Pain in the ... everywhere

Phil Mickelson revealed Tuesday that he's been dealing with pain all over his body, and that at one point this summer it got so bad he couldn't walk. Almost as much of a shock is the change he's made to his diet.

Phil Mickelson, Jim Mackay

Phil Mickelson is working to regain the form he had when he made this year's Masters his fourth major title. (Getty Images)

By Helen Ross, PGATOUR.COM Chief of Correspondents

KOHLER, Wis. -- The irony of it all was that Phil Mickelson, who was days away from his 40th birthday, had just been telling his wife Amy that he had never felt so good.

"I have no aches and pains," Mickelson recalls saying. "My back feels great. I feel stronger and more flexible than I've ever been."

Several days later as his preparations for the U.S. Open intensified, though, Mickelson started waking up in a world of pain. His Achilles throbbed. His left index finger felt like it was sprained, and so did his right wrist.

Ibuprofen and anti-inflammatories helped ease the pain as Mickelson tied for fourth at Pebble Beach. But when the aches spread to his hips, ankles, shoulders and elbows during a vacation in Hawaii, pain so severe that he couldn't walk, Mickelson really became concerned.

The diagnosis was psoriatic arthritis, a condition in which your immune system begins to attack healthy cells and tissue, causing inflammation in the joints and tendons. Mickelson managed the condition with more anti-inflammatories during the British Open but is now treating it by giving himself a shot of Embrel every seven days.

"It lowers my immune system and stops it from attacking the joints," Mickelson said Tuesday at Whistling Straits. "I've only been doing it two weeks now ... and I seem to have some pretty immediate progress so it's been great."

Mickelson says the drug has put the disease in remission. He expects to continue the shots for a year or so, and then he'll see how he feels. It could be that the condition never returns, but if it does, he can start the treatment again.

"(I) should be able to live a normal life without having any adverse effects," the reigning Masters champion said. "So I'm not very concerned about it."

Now that he knows the long-term prognosis is good, Mickelson finally feels comfortable discussing the diagnosis. So he opened his press conference prior to the PGA Championship on Tuesday by telling reporters about the disease and the uncertainty that attended the last eight weeks.

"First of all, I don't want excuses," Mickelson said. "And second, I don't want to discuss something when I don't know what the outcome is going to be. For five or six weeks, I was a little unsure of how this was going to affect me long-term, career, what-have-you.

"Now that I feel confident it's not going to affect not only the rest of my career or rest of my life, but even in the short-term it shouldn't have an effect. I feel a lot better about it and I'm a lot more at ease to discuss it."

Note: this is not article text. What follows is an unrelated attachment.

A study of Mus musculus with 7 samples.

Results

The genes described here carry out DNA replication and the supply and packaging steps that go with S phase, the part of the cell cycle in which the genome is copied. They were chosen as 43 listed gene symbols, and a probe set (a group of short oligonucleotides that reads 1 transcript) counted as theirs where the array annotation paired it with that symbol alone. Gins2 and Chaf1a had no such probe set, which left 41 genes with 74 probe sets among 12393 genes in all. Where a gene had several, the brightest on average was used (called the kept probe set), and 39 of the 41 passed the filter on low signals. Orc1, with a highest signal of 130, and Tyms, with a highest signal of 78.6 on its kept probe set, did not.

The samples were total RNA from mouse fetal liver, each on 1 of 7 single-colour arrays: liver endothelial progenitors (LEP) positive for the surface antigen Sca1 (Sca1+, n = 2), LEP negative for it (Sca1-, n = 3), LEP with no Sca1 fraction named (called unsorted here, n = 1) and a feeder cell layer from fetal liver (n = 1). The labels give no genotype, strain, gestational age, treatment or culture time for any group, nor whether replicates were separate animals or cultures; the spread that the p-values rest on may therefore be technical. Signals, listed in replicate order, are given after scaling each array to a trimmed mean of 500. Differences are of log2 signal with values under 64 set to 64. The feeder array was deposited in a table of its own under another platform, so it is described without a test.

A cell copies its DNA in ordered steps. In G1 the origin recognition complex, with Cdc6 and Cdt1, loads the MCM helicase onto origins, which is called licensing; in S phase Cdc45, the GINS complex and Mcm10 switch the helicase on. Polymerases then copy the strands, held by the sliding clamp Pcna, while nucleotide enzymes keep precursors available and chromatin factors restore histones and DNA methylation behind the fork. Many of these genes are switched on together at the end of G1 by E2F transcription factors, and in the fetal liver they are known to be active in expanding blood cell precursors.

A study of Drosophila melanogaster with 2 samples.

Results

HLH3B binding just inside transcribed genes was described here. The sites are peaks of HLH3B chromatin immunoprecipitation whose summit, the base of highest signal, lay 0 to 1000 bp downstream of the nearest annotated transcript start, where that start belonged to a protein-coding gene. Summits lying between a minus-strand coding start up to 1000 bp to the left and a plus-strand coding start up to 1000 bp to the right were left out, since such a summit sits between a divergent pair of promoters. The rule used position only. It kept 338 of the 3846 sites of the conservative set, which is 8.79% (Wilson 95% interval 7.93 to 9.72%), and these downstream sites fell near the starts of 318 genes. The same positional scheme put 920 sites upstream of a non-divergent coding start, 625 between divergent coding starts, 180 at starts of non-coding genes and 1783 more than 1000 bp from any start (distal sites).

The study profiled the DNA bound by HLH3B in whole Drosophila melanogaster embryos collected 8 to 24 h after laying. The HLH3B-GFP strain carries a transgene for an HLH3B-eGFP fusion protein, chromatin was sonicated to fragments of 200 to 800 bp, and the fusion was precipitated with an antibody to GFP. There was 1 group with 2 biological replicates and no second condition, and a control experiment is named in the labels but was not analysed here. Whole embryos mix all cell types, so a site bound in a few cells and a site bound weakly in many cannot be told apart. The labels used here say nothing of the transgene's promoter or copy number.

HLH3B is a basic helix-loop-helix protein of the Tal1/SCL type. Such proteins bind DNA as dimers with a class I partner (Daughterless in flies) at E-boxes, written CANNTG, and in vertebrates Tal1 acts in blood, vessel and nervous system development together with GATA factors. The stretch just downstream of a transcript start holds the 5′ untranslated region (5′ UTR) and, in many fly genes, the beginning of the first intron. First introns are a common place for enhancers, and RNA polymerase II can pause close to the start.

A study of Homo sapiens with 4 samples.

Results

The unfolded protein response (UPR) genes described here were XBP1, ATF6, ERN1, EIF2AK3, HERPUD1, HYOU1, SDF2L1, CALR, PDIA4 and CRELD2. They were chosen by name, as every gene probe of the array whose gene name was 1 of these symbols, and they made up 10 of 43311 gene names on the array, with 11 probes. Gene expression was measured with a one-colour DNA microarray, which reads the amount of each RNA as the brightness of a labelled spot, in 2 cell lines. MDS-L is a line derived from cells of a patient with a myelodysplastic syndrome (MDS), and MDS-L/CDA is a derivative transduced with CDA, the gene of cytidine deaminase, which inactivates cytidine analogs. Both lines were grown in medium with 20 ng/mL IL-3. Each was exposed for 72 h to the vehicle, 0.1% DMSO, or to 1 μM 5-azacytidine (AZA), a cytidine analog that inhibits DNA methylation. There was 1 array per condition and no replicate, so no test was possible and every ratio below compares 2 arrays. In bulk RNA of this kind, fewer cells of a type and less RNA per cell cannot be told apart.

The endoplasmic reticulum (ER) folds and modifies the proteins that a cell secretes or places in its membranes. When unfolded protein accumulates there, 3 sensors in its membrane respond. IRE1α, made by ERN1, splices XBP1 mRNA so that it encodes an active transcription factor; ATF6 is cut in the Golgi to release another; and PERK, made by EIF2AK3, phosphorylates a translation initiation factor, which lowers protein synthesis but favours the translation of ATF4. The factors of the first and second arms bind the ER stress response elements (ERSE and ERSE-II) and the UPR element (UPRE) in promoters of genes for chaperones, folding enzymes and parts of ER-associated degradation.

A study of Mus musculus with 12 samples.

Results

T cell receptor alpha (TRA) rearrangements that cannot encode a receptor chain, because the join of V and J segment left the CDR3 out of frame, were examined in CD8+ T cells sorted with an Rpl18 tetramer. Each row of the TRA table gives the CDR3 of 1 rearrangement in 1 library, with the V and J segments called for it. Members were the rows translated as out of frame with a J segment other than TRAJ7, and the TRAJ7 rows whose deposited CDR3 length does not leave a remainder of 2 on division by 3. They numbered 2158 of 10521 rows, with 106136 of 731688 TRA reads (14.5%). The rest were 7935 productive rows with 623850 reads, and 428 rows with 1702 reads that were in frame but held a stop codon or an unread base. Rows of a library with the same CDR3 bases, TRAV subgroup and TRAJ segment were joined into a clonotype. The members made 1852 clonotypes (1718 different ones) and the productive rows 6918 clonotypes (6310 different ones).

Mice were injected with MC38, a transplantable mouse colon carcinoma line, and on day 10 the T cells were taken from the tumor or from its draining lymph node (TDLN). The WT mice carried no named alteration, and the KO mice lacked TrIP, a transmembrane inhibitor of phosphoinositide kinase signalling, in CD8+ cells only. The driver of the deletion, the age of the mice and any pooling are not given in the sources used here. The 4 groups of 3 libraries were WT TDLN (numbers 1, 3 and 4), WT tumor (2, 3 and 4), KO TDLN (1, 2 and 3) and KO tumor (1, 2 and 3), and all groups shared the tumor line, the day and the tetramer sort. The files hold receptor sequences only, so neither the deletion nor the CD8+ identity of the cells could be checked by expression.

He didn't bring it up at the British Open, although he now acknowledges that he had to play with his left finger off the grip -- "but it's irrelevant," Mickelson was quick to point out. "I just let it hang from from the club and didn't notice an issue." There was some pain in his right wrist, but he doesn't think it affected his swing.

Mickelson didn't blame that 78 on Sunday in Akron on the arthritic condition, either. He had started the weekend one shot off the lead and was tied for 10th when the final round began. He needed only to move up into fourth to dethrone Tiger Woods as world No. 1 but went on to tie for 46th.

And Mickelson certainly has kept his humor about him. For the last eight weeks, after reading a book and thinking it might make him feel better, one of the PGA TOUR's ultimate carnivores has become a vegetarian. He's been eating fruits, vegetables and pastas, and Mickelson plans to continue the diet as long as he thinks it helps.

"But I haven't been put to the real test," he said with a smile. "The real test is driving by a Five Guys and not stopping. I don't know if I can do that yet, but we'll see."

Mickelson, whose wife Amy has been battling breast cancer for the last 14 months, says he feels 90 percent right now but acknowledged he was a "little nervous" on the eve of the PGA, which he won in 2005. He's been able to start working out again and was able to put in longer sessions on the range in the last week.

There's one major left and the PGA TOUR Playoffs for the FedExCup on the horizon, along with his eighth Ryder Cup. Once again, Mickelson has five mathematical ways to overtake Woods as the No. 1 player in the world -- which would be a first for the big lefthander.

But Mickelson, who played in 47 majors before he finally won his first, knows better than most not to ahead of himself. He'll be working with Butch Harmon this week trying to forget Firestone and regain the form he had when he made this year's Masters  his fourth major title.

"I've got to play, I've got to get my game sharp here, and after the weekend that I had last week, I'm a little nervous going into this week," Mickelson said. "Because I felt pretty good, I felt like things were coming around, and so this has put me back on edge and I've got some work to do."